SPOTLIGHT: ‘Wheels’ flash fiction by Zvi Sesling

Stolen Car

                There was the time my Mustang had some problems and the shop wanted more than five hundred dollars to repair.  At first they told me it would be between one hundred and one fifty dollars which was an affordable estimate.  But when they called to say it was done and it would cost five big bills I argued that was way above the estimate.

                “Listen, fella you want the car, you pay. If you don’t, I’ll sell it for what you owe me.”

                “But that car’s worth $3,200.  Even used I could probably get $2,500.”

                “Your problem fella, $500 or I sell it in thirty days.”

                “You don’t have title to it,” I said.

                “Don’t need none,” the shop owner replied, “just the bill for what you owe.  Thirty days, mister.”

                This was a job for Louie, a nineteen-year-old I knew, so I went to the corner where he hung out and told him the problem.

                “Yeah, I can get it for you, but it’ll cost about half of what you woulda paid the repair shop.”

                “You get me the car and I’ll have the money ready for you,” I told Louie.

                “Nah,” Louie said, “you gotta pay up front. I get caught doing anything around there the dough will pay for the lawyer.”

                “And if you can’t get the car?” I asked.

                “You’re out the bucks,” Louie said. “I usually don’t get caught.”


                “Got caught once. Good lawyer got me off,” Louie said.

                After a bit of haggling, we agreed on one hundred dollars. He drove me to the bank; I withdrew the money and he drove me home.

                The next morning at seven Louie pulled up in front of my apartment, rang my bell and pointed to the car. It had a two-dollar parking ticket under the windshield wiper.  

                “Your ticket, Campbell. It’s dated yesterday at three p.m. right at this meter. If I were you I’d put a couple dimes in the meter right now.”  Louie laughed as he left. “Oh, here are the keys,” he said tossing them to me.

                At eight-thirty I was battling traffic on Storrow Drive trying to get to work before nine when a State Police car with flashing blue lights came up behind me. Despite there being no shoulder to pull over I stopped as far to the right as I could, rolled down the window and put my hands on the steering wheel.

                The trooper came up to me and said, “I have a report this is a stolen vehicle. Do you have a driver’s license and registration?”

                “Of course, officer.” I pulled my wallet out of my back pocket and gave him my driver’s license..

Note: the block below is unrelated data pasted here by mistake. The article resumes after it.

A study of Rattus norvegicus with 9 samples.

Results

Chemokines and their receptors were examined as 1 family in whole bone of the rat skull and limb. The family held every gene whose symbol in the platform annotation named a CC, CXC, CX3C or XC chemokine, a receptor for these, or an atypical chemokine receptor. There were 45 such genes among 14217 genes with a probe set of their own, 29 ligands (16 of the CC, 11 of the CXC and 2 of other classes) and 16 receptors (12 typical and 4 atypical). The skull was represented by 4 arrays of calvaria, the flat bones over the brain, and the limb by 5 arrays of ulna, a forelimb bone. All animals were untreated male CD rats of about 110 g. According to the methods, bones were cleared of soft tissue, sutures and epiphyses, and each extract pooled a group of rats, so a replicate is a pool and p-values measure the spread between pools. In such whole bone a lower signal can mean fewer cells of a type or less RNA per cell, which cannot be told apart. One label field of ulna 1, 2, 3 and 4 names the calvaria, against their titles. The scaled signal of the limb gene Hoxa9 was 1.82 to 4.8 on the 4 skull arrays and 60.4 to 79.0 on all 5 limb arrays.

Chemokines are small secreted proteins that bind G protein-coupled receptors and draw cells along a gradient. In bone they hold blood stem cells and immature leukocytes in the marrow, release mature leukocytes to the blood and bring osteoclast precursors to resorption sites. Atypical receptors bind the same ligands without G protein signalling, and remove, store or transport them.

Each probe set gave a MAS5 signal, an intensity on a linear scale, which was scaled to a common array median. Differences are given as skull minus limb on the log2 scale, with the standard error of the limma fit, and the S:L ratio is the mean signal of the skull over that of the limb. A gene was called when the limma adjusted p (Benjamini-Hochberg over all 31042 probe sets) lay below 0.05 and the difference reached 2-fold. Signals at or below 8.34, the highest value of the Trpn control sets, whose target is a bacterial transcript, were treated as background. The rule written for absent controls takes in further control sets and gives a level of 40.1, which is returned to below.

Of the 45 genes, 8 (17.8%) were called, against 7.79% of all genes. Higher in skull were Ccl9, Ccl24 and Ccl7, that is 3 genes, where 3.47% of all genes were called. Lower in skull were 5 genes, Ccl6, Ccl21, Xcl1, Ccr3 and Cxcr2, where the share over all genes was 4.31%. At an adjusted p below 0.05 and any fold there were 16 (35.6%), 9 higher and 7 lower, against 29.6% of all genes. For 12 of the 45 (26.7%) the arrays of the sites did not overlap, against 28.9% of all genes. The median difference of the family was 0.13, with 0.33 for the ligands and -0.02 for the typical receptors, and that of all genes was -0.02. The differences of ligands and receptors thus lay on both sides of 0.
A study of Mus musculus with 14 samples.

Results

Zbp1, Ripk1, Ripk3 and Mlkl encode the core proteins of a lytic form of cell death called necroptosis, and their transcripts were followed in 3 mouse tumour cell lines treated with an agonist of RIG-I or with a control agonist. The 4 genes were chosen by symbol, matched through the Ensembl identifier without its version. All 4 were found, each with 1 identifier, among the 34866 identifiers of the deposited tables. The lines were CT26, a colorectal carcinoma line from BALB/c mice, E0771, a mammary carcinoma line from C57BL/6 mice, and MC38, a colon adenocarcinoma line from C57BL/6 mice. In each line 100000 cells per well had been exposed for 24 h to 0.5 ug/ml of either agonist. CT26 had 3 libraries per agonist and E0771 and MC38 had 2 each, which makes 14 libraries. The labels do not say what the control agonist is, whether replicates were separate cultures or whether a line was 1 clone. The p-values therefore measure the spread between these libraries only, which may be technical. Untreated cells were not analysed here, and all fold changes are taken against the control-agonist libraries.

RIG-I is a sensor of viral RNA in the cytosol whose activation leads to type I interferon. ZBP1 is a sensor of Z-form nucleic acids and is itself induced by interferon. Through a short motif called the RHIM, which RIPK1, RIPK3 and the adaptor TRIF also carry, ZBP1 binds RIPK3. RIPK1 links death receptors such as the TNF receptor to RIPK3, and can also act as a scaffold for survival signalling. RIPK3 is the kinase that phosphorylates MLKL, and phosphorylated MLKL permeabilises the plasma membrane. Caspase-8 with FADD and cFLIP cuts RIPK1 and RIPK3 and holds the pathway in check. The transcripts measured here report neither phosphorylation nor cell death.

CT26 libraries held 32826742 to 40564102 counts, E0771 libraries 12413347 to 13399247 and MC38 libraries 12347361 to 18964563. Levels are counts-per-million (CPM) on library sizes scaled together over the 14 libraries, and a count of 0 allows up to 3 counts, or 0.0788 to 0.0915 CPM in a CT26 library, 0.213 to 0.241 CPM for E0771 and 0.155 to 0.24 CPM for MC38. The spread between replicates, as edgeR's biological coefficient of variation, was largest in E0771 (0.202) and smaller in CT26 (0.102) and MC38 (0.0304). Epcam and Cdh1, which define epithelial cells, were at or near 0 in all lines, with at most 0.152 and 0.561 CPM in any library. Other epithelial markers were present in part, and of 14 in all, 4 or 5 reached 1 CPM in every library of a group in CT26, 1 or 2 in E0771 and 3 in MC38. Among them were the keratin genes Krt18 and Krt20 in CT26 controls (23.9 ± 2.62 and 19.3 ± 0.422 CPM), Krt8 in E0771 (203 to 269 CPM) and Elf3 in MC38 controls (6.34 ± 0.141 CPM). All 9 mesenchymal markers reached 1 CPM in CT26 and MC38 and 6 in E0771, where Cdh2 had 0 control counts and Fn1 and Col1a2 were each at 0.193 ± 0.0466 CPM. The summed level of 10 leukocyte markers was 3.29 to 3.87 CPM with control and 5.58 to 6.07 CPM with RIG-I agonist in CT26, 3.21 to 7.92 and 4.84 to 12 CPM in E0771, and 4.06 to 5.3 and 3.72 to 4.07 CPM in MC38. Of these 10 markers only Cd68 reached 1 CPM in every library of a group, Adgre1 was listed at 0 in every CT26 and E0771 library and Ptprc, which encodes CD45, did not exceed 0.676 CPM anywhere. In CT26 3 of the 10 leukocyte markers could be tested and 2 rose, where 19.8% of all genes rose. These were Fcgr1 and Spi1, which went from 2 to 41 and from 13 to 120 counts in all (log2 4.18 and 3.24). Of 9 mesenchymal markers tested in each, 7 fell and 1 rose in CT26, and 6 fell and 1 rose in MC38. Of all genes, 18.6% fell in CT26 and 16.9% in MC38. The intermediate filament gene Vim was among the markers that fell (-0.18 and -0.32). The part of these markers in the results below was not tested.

He looked it over, looked at me and asked, “And your registration, please.”

                “It’s in the glove compartment.”

                “Take it out please,” he said, putting his hand on his gun.

                The trooper compared the license and registration, then said, “It all seems in order.” Then asked, “Why do you suppose your car is reported stolen?”

                “Probably a student pulling a practical joke. I teach at Boston University and maybe I didn’t give him a high enough mark,” I said.

                “Kids,” the trooper said shaking his head sadly. “Have a nice day, sorry to have bothered you.”

                “No problem,” I said and drove off.


Lew Odell is dispatched to Paradise, Maine and is told by his manager that the small fishing community needs more large lobster traps to meet their monthly quota.  Eager to see the Maine seacoast Lew takes in his briefcase, an order pad, two pens and a peanut butter and jelly sandwich. It is a three-hour ride and he gets to a fork in the road in just under that time. At the side of the road there is a man selling Maine blueberries so Lew stops and asks him, “If I continue straight ahead do I get to Paradise?”

The man looks up and says, “Aye, ya, five miles.”

Lew thanks him and in a half hour on the small back road is in Paradise. He quickly finds the manager of Lobsters, Inc. and takes an order for sixty new traps.

“Going back to Boston,” the manager asks?

“Why yes.”

“Noticed you came in on North Main Street. When you leave here, go thataway”, he says pointing to South Main Street.  “Go about a mile, take a left and it will bring you to the highway.”

Thanking him Lew follows the directions which bring him back to the man selling blueberries.  He stops and rolls down his window. “I was here a while back and asked about directions to Paradise. I asked if it was straight down the road and you said yes. It was five miles going north. But it was only a mile and a half going west”, Lew says.

“Aye, ya, you only asked if going north would take you to Paradise.”

Advantage To Being A Senior

On a warm, sunny Tuesday morning Sam drives down Commonwealth Avenue enjoying the sights of the Boston University coeds walking to class in shorts and t-shirts. At a red light a man probably in his thirties jumps out of his car and pounds on Sam’s window.  

Calmly, Sam exits his car standing eye to eye with the man asks, “What’s wrong?”

                The man screams, “What’s wrong?  You cut me off back there you stupid son of a bitch and nearly scared the life out of me.”

Sam apologizes, “Oh, I am sorry, I guess I didn’t see you when I changed lanes.”

The man yells some more, “You guess! If you weren’t an old man I’d punch you out.” He makes a fist to show he means it.

Sam says, “You know it’s a felony in Massachusetts to hit someone over sixty and I’m seventy-two.”

“Really?” The young man drops his hand to his side.

”Yes,” Sam says, but it’s only a misdemeanor for me.